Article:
Sunday, October 14, 2012

apple cider doughnuts


Baked doughnuts are alright... but there is nothing more fabulous than a home fried doughnut. I cannot possibly compare these yeasted doughnuts to their oven-baked counterpart. Sure, they are a bit more trouble, but nothing on earth is more satisfying than fried dough.



Just kidding. Nothing is more satisfying than fried dough dipped in sugar, apple cider, and cinnamon. 

 These fried treats embody the spicy, warm flavors of fall that I love.  When I was little, my parents took me to this farm near our house every fall.  There were hayrides, big slides, and towers of hay to climb on.  Every year, we would go on the hayride.  I loved it because it wasn't the scary kind of hayride -- instead of gore and ghosts, there were dancing pumpkins and fun music. We would also buy and decorate pumpkins, munch on kettlecorn, and sip warm, apple cider. 

These doughnuts best eaten when still piping hot from the pot.  It is nearly impossible to describe the sensation of biting into a piping hot cider donuts -- with their crisp, fried outsides and fluffy insides. They are not nearly as good on the second day, so make these when you have company, or when you are by yourself -- as they aren't too difficult to finish!  These doughnuts are perfect on a crisp fall morning, with a big pumpkin spice latte on the side (we might as well go all out, right?).


What treat conjures up fall memories for you?

With love,
Erica


Ingredients

  • Doughnuts
  • 1-1/8 cup Whole Milk, Warm
  • 1/4 cup Sugar
  • 2-1/4 teaspoons (one Package) Instant Or Active Dry Yeast
  • 2 whole Large Eggs, Beaten
  • 1-1/4 stick Unsalted Butter, melted
  • 4 cups All-purpose Flour
  • 1/4 teaspoon Salt
  • Shortening
 
  • GLAZE
  • 3 cups Powdered Sugar
  • 1/2 teaspoon Salt
  • 1 teaspoon cinnamon
  • 1/4 teaspoon cloves
  • 1/2 cup good apple cider

Preparation Instructions

To Make the Dough:
1. Make sure milk is nice and warm, but not overly hot.
2. Add sugar to milk. Stir to dissolve.
3. Add yeast into a small bowl.
4. Pour milk/sugar mixture over yeast. Stir gently, then let sit for 10 minutes.
5. Melt butter in separate bowl until butter is almost melted. Stir to finish melting so butter won't be overly hot.
6. Add beaten eggs to melted butter, stirring constantly to make sure the butter's not too hot for the eggs.
7. Add the egg/butter mixture to the bowl of an electric mixer fitted with the dough hook.
8. With the mixer on 3 or medium-low speed, pour in the yeast mixture.
9. Allow the dough hook to stir this mixture for a couple of minutes, making sure it's thoroughly combined.
10. With the mixer still going, add helpings of the flour mixture in 1/4 to 1/2 cup increments until all the flour is gone.
11. Stop the mixer, scrape the bowl, then turn the mixer on the same speed for five whole minutes.
12. After five minutes, stop the mixer and scrape the bottom of the bowl.
13. Turn on the mixer for 30 seconds.
14. Turn off the mixer and allow the dough to sit in the bowl undisturbed for 10 minutes.
15. After 10 minutes, transfer dough to a lightly oiled bowl. Toss the dough to coat, then cover the bowl with plastic wrap and place straight in the fridge.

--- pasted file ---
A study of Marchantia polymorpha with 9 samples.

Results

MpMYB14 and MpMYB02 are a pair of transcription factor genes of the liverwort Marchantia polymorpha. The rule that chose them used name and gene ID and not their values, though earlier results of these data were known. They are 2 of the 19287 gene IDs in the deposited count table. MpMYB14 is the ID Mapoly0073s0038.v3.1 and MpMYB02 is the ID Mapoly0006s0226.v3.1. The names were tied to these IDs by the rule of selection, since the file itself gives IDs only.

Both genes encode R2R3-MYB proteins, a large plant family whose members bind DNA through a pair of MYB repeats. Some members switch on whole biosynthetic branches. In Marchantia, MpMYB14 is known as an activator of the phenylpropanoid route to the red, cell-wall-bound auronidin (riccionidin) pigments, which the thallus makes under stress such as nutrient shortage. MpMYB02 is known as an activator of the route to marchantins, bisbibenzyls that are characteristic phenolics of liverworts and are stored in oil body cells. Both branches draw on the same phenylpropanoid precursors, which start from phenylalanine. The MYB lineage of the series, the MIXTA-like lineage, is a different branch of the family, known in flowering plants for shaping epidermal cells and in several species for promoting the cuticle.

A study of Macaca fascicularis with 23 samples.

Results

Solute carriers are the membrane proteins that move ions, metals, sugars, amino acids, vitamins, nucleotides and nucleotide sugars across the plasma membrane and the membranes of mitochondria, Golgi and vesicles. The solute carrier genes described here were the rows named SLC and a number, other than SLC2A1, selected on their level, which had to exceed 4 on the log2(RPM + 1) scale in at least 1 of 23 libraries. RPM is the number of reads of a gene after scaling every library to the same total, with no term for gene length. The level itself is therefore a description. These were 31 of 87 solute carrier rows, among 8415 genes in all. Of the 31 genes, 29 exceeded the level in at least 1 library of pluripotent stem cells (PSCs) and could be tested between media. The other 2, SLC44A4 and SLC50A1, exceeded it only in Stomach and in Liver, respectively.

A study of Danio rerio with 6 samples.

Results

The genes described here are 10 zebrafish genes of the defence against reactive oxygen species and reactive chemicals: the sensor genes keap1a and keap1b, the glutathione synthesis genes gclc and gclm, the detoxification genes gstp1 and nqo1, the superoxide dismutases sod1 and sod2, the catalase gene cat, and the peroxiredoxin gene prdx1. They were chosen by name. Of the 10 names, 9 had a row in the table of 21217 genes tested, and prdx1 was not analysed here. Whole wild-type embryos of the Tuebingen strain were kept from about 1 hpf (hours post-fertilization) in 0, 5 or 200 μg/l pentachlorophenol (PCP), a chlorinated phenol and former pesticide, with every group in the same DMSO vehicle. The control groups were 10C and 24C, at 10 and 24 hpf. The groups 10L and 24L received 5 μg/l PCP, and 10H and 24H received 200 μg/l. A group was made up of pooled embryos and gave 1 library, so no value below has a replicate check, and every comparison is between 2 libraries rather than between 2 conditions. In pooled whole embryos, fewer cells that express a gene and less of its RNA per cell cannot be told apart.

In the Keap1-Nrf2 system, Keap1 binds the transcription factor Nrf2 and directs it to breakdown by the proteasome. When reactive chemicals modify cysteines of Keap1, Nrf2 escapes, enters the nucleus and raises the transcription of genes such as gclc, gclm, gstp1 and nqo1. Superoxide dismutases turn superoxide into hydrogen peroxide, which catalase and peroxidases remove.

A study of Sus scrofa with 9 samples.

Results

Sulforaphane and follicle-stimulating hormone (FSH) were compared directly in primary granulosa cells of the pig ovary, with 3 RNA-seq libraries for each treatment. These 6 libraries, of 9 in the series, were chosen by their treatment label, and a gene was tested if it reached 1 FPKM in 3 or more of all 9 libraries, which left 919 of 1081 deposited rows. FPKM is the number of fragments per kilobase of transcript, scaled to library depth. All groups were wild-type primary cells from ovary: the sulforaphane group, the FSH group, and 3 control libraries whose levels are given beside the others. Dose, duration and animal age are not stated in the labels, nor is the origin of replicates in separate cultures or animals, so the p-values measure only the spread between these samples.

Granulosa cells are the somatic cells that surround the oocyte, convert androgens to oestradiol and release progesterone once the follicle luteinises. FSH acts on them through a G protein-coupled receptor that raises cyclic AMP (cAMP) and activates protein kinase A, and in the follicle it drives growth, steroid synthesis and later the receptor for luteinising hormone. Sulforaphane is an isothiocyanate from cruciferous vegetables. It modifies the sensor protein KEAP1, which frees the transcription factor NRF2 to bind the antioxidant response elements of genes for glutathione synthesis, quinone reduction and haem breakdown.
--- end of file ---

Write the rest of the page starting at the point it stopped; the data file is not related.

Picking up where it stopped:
16. Refrigerate dough for at least 8 hours, or overnight.
To Make the Doughnuts:
1. Remove bowl from fridge and turn out dough onto a lightly floured surface.
2. Roll out to 1/4 to 1/3-inch thickness.
3. Using a 3-inch cutter, cut as many rounds as you can, then roll out remaining dough and cut as much as you can, etc.
4. Cut holes out of each round using a 1 1/2-inch cutter.
5. Place both doughnuts and holes on a floured baking sheet.
6. Cover with large tea towel and place in a warm place in your kitchen; my kitchen is very drafty, so I have to briefly warm the griddle, then turn it off and set the sheets on top to keep warm.
7. Allow doughnuts to rise undisturbed for at least 1 hour; 1 hour 15 minutes if necessary. Doughuts should be visibly puffier and appear to be airy.
To Fry the Dougnuts
1. Heat plenty of vegetable shortening in a large pot until the temperature reaches 375 to 380 degrees---do not let it get hotter than 380 degrees! 375 is ideal; keep the thermometer in the pan to continually monitor.
2. One to two at a time, gently grab doughnuts and ease them into the hot oil. Allow them to cook 1 minute on each side; they will brown very quickly.
3. Remove doughnuts from the oil with a slotted spoon, allowing all oil to drip off.
4. Place doughnut immediately on several layers of paper towels. Count to five, then flip it over onto a clean part of the paper towels. Count to five, then flip it over again; the purpose, obviously, is to drain as much grease as possible before it soaks into the doughnut.
5. Repeat with remaining doughnuts and holes. The holes will cook more quickly than the doughnuts; about 30 seconds per side.
6. Allow doughnuts to slightly cool.

To Glaze
1. Mix all glaze ingredients in a bowl until completely smooth.
2. One by one, dip doughnuts into the glaze until halfway submerged. (Note: completely submerge doughnut holes, then remove with slotted spoon.)
4. Remove from glaze, then turn right side up on a cooling rack over a cookie sheet (to catch dripping glaze.)
5. Serve warm if possible, or room temperature.


Adapted from The Pioneer Woman

4 comments:

  1. These sounds so very "Fall" ! A piping hot FRIED donut is one of my most favorite things to eat. Just this weekend I was in NY visiting my daughter at college. We decided to head upstate and go apple picking. The farm we went to was very much like the one you describe from your childhood. We brought back BAGS of apples - way more than we know what to do with. We also bought a half gallon of apple cider back with us. This would be a perfect recipe for some of that delicious cider.